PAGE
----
The Federal Government says builders and plumbers will benefit from reduced red tape under the new National Construction Code, which will combine and streamline state and territory building and plumbing codes.
The code has been developed through the Council of Australian Governments’ regulatory reform agenda and is expected to be rolled out from May 1.
According to the Housing Industry Association, the National Construction Code is a new name for a series of technical codes that the Australian Building Codes Board will publish every year.
“Initially, this will incorporate building and plumbing standards, and eventually it is planned to include all on-site construction regulation including electrical installations and telecommunications,” a HIA spokesperson says.
The NCC will include three volumes of the Building Code of Australia. Volume 1 covers Class 2 to 9 buildings, Volume 2 covers Class 1 and 10 buildings, and Volume 3 is the Plumbing Code of Australia.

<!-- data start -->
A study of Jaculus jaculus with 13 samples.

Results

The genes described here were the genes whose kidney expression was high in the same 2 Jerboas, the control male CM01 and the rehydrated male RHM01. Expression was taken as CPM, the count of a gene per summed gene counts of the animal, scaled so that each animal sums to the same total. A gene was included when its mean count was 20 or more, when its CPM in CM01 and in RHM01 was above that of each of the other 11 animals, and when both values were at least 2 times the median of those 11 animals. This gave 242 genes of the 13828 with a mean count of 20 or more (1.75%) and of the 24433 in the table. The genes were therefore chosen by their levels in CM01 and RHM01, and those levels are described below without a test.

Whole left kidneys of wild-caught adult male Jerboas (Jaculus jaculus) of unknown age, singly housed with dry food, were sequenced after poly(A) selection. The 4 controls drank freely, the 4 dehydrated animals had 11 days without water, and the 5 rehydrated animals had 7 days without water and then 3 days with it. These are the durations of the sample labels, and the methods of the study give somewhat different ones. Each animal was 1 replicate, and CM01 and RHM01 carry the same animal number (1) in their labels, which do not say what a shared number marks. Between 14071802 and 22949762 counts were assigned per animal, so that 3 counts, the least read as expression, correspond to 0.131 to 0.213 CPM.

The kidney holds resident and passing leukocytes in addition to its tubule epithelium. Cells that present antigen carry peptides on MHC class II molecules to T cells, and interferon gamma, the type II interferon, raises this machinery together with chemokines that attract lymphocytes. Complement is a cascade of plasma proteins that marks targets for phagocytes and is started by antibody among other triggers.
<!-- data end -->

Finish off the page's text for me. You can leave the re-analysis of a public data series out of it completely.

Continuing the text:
The 2011 editions of the code will introduce various changes to both Volume 1 and Volume 2.
The main changes relate to the classification of buildings, accessibility, and timber framing requirements due to the BCA now referencing the revised Australian Standard for residential timber construction.
Meanwhile, the new plumbing code will be used by plumbers in all states and territories and will replace the current state plumbing regulations and codes.
Innovation Minister Kim Carr said in a statement the new code is the biggest reform to building regulations since the BCA was introduced in 1996.
“For the first time, Australia will have one set of building and plumbing regulations… This will ease the administrative and cost burdens that multiple regulations currently place on our construction workers,” Carr said.
“I am pleased the new code contains provisions that encourage innovation, rather than rigidly prescribing how particular jobs must be done.”
“For example, the regulations allow designers and engineers scope to develop innovative design solutions for plumbing that optimise water use.”
A spokesperson for the Minister Assisting on Deregulation, Nick Sherry, says adoption of the code will lead to multimillion dollar cost savings and fewer delays.
“In the non-residential construction sector, reduced costs are estimated at between 2% and 3% – that means potential savings of up to $700 million,” the spokesperson says.